I may be the one that confused you Riha. If I have, I am sorry. You are right in assuming that different rind methods may in fact produce different cheeses.
For example, I would not try and wax a stilton, or limburger, nor would I wash the rind of a swiss.
My comments should be confined to those hard cheeses where a natural rind, waxed rind are options that really may not affect the overall outcome of the cheese. In my mind, that is cheddar, parmesan, Swiss, Gouda... These are types of cheeses I make at this point.
Perhaps it would be useful to try and give a quick backgrounder in what a rind is.
The rind is the outer/exterior portion of a wheel if cheese. If this is a natural rind, it is the same cheese as the inside of the wheel, except that it is allowed to dry and harden. The whole point of any rind is form a protective barrier. A natural rind is simply cheese that is exposed to the air allowing a tough crust to form naturally. (thus the term Natural Rind). This tough, hard, dry exterior protects the inner (meat) of the cheese from over-drying and allows the inner cheese to age. A natural rind is not normally considered good eats as much of the cheese flavor is lost over time, when compared to the interior of the wheel. (But I rarely let it go to waste….)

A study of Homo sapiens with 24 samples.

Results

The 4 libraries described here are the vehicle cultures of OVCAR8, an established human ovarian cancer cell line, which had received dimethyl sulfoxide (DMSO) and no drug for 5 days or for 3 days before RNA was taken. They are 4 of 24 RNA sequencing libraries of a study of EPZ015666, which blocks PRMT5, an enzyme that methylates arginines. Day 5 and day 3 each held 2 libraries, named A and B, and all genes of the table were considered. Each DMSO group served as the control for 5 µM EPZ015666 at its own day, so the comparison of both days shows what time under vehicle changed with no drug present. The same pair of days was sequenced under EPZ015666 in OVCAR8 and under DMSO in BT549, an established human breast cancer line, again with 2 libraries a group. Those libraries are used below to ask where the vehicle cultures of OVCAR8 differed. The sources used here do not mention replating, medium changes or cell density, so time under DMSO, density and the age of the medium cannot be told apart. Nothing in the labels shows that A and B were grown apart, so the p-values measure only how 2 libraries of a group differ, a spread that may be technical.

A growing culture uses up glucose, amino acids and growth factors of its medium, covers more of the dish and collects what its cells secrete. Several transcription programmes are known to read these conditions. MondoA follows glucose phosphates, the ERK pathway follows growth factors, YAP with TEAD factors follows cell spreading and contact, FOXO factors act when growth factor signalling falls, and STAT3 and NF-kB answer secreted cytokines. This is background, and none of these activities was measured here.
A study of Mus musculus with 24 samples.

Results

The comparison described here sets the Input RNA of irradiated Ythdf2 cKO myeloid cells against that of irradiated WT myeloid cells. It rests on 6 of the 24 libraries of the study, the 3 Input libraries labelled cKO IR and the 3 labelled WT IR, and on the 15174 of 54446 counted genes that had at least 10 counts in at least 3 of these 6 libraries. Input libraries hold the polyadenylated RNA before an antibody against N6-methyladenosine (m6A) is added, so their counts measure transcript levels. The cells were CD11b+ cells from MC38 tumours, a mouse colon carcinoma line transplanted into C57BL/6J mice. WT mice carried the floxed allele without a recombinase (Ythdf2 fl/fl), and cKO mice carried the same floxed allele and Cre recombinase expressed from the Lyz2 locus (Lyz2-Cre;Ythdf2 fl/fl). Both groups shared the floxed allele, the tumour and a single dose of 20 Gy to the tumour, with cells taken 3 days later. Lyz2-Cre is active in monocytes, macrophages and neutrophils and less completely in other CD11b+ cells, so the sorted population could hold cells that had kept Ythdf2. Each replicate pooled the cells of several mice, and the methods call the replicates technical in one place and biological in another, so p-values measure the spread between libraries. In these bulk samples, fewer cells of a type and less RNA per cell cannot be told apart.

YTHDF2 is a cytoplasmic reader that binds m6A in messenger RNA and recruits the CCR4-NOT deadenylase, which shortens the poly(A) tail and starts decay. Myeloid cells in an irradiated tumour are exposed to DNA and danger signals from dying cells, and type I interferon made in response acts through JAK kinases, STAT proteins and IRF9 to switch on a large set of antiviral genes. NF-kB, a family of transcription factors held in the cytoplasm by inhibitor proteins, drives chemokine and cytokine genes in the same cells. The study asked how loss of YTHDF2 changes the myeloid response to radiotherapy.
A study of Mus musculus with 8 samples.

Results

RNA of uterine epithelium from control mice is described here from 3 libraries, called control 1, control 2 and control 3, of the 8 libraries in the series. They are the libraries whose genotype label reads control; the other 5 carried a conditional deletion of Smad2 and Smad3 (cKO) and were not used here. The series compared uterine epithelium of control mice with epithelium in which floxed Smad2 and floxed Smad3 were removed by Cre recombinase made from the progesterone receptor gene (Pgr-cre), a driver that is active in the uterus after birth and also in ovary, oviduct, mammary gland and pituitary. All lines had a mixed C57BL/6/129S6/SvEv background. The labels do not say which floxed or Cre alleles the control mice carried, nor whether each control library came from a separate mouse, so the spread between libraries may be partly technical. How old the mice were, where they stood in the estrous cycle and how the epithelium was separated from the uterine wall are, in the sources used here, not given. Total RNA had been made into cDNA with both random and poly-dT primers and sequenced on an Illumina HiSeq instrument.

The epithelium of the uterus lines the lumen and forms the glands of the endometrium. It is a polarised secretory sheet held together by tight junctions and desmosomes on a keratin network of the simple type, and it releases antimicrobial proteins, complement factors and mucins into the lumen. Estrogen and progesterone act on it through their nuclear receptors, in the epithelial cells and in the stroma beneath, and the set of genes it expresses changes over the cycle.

If you do not want your cheese’s exterior to dry out and form this protective barrier, then you can do several things. You can stop the exterior of your wheel from drying out by waxing, vacuum sealing, shrink wrapping your whole wheel. These all do much the same thing in that they prevent the exterior of your cheese from drying out and thus forming a natural rind.
Whichever rind methodology you decide to adopt, (natural, or waxed, or sealed, or bandaged), the purpose of the rind will be served, that is, the inner cheese will dry out, and will retain some moisture over the entire aging process.
Hopefully that clears some things up.